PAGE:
Although the final phase of her economic recovery is pending launch, Gov. Gina Raimondo has outlined the forthcoming changes to prepare Rhode Island residents for the relaxed regulations.
“We aren’t ready to start phase three of our reopening yet, but I want to give you an idea of what the rules will look like when we get there,” she said.
With incidents of coronavirus continuing on a downward trend, there will be no outdoor capacity at parks, beaches, gyms, restaurants, retail outlets, amphitheaters and churches during the next phase. Raimondo, however, said having more than 250 people at a site is not recommended.
“The smaller the group,” she said, “the lower the risk.”
Indoors, the cap will be 66 percent capacity with 6-foot spacing. Venues that operate using their square footage as guidance will be able to increase their capacity by one person per 100 square feet. This includes movie theaters, bowling alleys, arcades and museums. Social gatherings, like weddings and networking events, should be limited to a maximum of 75 people indoors and 150 people outdoors.
According to Raimondo, masks, social distancing, sanitation and screening are “key to stopping the spread of COVID 19,” and these mandates will remain in effect throughout the campaign.
During the weekend, roughly 40,000 people visited state beaches, and Raimondo said she was discouraged about the amount of bare faces on the waterfront.
“One area in which we need to continue to do better is mask-wearing,” she said. “It’s true that you don’t need to wear a mask if you’re able to continuously maintain 6 feet of social distance. But, for example, if you’re at the beach and you leave your spot to go to the pavilion, you should be wearing a mask. Chances are you’re going to come within 6 feet of someone else outside of your immediate group. When that happens, you should have a mask on.”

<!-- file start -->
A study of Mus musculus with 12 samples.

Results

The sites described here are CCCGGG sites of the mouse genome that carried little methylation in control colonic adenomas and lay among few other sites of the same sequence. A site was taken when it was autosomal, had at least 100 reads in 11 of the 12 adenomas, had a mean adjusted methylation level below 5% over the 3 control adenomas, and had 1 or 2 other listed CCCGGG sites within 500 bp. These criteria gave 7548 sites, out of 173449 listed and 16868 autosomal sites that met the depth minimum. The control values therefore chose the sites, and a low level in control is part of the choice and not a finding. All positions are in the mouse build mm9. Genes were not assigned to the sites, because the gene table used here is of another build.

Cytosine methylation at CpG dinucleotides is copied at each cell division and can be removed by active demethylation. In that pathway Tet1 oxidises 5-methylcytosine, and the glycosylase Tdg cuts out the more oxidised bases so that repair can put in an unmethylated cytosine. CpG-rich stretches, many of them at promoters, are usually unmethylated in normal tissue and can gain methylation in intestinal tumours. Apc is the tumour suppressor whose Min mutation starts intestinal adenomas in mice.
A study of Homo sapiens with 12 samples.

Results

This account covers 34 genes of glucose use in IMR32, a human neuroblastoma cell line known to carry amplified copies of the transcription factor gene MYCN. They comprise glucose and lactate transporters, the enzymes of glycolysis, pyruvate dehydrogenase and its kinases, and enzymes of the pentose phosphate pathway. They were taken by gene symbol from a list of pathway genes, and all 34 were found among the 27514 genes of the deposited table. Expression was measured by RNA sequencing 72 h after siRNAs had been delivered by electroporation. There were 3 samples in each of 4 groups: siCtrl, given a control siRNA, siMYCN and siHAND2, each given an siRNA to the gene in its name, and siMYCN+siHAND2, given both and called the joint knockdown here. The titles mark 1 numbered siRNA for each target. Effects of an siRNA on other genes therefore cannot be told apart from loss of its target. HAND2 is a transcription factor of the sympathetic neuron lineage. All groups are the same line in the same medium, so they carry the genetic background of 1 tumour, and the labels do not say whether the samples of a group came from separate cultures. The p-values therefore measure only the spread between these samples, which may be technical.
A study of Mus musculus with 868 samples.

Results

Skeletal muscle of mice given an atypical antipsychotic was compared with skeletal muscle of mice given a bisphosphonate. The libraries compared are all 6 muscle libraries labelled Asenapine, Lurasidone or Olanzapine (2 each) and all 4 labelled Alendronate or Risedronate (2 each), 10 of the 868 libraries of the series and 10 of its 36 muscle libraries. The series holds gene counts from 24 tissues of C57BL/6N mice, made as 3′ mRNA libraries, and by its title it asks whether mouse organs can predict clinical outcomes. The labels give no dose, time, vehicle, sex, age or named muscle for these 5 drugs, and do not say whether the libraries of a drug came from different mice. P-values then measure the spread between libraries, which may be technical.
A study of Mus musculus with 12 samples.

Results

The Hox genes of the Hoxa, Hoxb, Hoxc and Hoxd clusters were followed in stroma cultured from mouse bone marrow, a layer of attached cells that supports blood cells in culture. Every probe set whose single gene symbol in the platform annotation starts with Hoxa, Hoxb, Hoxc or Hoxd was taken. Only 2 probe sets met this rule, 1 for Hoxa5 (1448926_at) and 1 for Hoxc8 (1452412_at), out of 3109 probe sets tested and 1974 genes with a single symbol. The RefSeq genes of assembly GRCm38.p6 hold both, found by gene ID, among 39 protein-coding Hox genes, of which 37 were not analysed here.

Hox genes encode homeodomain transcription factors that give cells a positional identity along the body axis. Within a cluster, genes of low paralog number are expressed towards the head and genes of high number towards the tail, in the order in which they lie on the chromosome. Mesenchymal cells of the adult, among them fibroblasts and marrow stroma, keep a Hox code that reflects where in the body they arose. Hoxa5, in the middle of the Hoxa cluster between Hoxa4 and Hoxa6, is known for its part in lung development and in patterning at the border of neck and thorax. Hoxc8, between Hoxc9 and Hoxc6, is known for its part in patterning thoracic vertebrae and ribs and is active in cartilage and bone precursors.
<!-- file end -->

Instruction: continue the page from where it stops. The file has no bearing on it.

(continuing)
Raimondo also is asking residents “to be kind and patient” when they are asked by rangers to social distance from other crowds.
“It’s our shared responsibility to do the right thing to keep everyone around us safe,” she said.
While rangers were examining parks and beaches, inspectors at the Department of Business Regulation visited more than 200 businesses across the state. Unlike outdoors, Raimondo said “we’re continuing to do very well with mask-wearing in businesses.” Roughly 94 percent of employees and 90 percent of customers had masks during those inspections.
“That’s great,” she said. “We want you to keep it up.”
Raimondo declared a state of emergency March 9 to curb the spread of the coronavirus. Nineteen days later, she issued a stay-a-home order that essentially shut down the economy. That order was lifted May 9 with the launch of phase one, “Testing the Water,” and further restrictions were eased 13 days later with the second phase, “Navigating our Way.” The third phase has been dubbed “Picking up Speed.”
While Raimondo is optimistic about the recovery, she is asking Rhode Island residents to be patient, especially after seeing the surge of beachgoers over the weekend.
“The social gathering size is still 15,” she said. “And you should still aim to keep your social circle limited. You don’t want to see a different 15 people each day. If folks go out now and start acting like we’re in phase three already, we’re going to jeopardize our progress.”